Deepwater National Park, QLD

By: Chris Whitelaw, Photography by: Chris Whitelaw

Deepwater National Park10 A gentle surf lapped the shore at Middle Rock 2
Deepwater National Park12 The track passed through a forest of pink bloodwoods 2
Deepwater National Park13 On the track near Wreck Rock with Tikay in tow 2
Deepwater National Park18 Our bivoauc at Wreck Rock was peaceful and secluded 2
Deepwater National Park21 The forest provides plenty of shade to sites at Wreck Rock 2
Deepwater National Park22 The track to the beach at Wreck Rock
Deepwater National Park24 The only footprints you ll see will be your own
Deepwater National Park26 Wetting a line at Wreck Rock
Deepwater National Park31 The camping area lies just behind these dunes at Wreck Rock

Experience the pleasure of Deepwater NP, where the only footprints you’re likely to see on the beach will be your own.

The twin towns of Seventeen Seventy and Agnes Water on Queensland’s central coast offer eco-tourists a broad range of experiences. As well as being the state’s ‘birthplace’  – the site of Captain Cook’s second landing on mainland Australia on May 24, 1770 – they are also the gateway for discovering the region’s many natural attractions.

One of the most beautiful of these is Deepwater National Park (NP), 4730ha of sandy beaches and sub-tropical lowland forest protecting a unique coastal freshwater ecosystem centred on Deepwater Creek. On a recent ‘winter getaway’ with our offroad Kimberley Karavan, Tikay, we spent a couple of days finding out why this park is such a popular camping destination.

There are two camping areas within the park, one at Middle Rock and the other at Wreck Rock, which was our destination further south. It is possible to access Wreck Rock from the south by conventional vehicle but, coming from the north as we were, the track conditions demand a high-clearance 4WD and, if towing, an offroad capable camper trailer. Caravans are not suitable for either route.


The weather gods were smiling as we set out from Agnes Water early one August morning and followed the sealed Springs Road for about 4km to the park’s northern boundary. At this point the bitumen ends abruptly and the adventure begins as you plunge into a track of deep, soft sand as it ascends terrain dominated by a vegetated, 70m-high dune system. Signs warn of the approaching hazard and we took the time to lower tyre pressures and engage low range before entering this beguiling coastal woodland. Our plan to get an early start in order to avoid other traffic on this difficult track paid off – we didn’t encounter any other vehicles travelling in either direction, which was just as well because the few pull-outs provided as passing points were berms up to half-a-metre high of even deeper, softer sand.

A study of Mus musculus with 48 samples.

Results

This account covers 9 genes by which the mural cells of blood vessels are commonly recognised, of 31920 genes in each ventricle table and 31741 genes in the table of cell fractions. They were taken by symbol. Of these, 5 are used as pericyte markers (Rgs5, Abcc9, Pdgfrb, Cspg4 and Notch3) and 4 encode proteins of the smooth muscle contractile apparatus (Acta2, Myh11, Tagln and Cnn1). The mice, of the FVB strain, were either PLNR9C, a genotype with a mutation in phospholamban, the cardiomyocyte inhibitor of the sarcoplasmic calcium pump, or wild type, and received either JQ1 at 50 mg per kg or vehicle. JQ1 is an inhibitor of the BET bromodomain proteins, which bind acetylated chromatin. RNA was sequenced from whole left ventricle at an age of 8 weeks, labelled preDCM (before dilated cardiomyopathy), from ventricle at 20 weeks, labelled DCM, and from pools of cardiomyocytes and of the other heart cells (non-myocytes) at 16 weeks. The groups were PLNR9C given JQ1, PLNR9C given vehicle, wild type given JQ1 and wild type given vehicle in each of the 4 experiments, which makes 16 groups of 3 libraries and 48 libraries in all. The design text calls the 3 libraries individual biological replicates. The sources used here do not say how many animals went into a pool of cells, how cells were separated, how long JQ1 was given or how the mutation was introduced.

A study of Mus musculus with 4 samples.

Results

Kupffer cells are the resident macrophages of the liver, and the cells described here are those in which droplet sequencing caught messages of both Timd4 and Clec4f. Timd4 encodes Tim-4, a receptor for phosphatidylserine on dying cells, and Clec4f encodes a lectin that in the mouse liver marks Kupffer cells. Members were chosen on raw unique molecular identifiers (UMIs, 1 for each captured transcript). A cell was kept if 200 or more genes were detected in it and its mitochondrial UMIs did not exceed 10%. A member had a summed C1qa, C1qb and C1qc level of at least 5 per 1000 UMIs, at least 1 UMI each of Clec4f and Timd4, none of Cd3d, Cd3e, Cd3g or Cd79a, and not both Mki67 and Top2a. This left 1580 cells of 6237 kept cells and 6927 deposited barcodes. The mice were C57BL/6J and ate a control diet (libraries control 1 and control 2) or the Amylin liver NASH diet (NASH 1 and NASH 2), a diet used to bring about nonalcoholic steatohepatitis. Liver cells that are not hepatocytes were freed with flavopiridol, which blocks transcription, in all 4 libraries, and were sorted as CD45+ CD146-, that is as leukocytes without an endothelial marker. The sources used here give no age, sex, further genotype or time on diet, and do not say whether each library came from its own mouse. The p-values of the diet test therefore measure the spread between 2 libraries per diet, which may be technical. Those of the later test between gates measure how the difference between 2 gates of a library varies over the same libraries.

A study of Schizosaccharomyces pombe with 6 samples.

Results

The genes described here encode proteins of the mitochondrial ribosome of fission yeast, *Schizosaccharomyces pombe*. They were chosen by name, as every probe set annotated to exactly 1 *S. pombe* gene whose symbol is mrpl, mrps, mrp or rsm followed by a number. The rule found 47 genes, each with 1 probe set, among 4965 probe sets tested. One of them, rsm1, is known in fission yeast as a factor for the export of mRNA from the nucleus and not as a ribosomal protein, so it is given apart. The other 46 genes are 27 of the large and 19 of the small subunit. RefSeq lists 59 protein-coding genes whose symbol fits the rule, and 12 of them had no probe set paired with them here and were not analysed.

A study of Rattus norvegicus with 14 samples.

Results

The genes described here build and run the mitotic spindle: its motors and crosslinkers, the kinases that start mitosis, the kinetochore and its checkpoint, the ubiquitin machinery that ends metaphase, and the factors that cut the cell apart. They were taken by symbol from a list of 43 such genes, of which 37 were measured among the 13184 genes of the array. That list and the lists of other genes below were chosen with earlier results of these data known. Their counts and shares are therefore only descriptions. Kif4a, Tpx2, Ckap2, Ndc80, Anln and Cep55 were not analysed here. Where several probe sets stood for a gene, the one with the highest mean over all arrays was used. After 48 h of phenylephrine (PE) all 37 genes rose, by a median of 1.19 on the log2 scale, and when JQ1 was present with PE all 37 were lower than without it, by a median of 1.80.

For the most part, the track was fairly straight, which enabled us to enjoy the passing scenery – an open forest of pink bloodwoods liberally interspersed with weeping cabbage palms, grass trees and wallum banksias festooned with creamy-yellow cones. About 4km into this heavenly landscape, a side-track diverts to the east and connects with the Flat Rock Day Use Area. This location takes its name from a rock platform just offshore that encloses a natural pool at low tide and affords some protection from the strong currents that sweep the exposed beaches of the Discovery Coast.


Two kilometres further on another track branches off to Middle Rock. This shady camp in the forest behind the dunes is just a short walk from the beach and, with no facilities, offers a real ‘back to nature experience’ in peaceful seclusion. We saw only two groups relaxing in their bivouacs as we followed the track through the vine thickets to a long deserted beach punctuated at the southern end by a loose jumble of basalt boulders that are collectively Middle Rock.

After another 2km we came at last to the junction for Wreck Rock camping area, where 14 sites are conveniently laid out in a circuit through the forest, all handy to the facilities – toilets, a cold outdoor shower (that was character building) and taps that supplied non-potable water – not flash but sufficient for a comfortable stay in a beautiful bushland setting. Many of the sites were large enough to set up a camper trailer with annexe and still have room to park the car. Only a few of these were occupied and we set up Tikay in a secluded glade of weeping cabbage palms well away from the others. During our several days here we heard nothing of our neighbours above the birdsong and sea breeze in the palms. 

Each day we walked to the beach, five minutes away, where gentle surf lapped around a rocky outcrop that separated two long beaches stretching away to the north and south as far as the eye could see. Occasionally we glimpsed a distant beachcomber or a lone fisherman casting a line from the rocks, but otherwise we had the entire pristine shoreline to ourselves – affirming the claim in the local tourist brochure that the only footprints you’re likely to see on the beach will be your own. There wasn’t much to do except walk or swim or sit on the dune or in our camp chairs in the dappled shade, feeling the tranquillity of the place wash over us, thinking all the while: it doesn’t get much better than this!

How to get there

The Deepwater National Park is 112km or about 1½ hours’ drive from Bundaberg on Queensland’s Central Coast. From the Bruce Highway at Miriam Vale, take the Fingerboard Road and Round Hill Road to Agnes Water, then Springs Road south for 4km to the park’s northern boundary.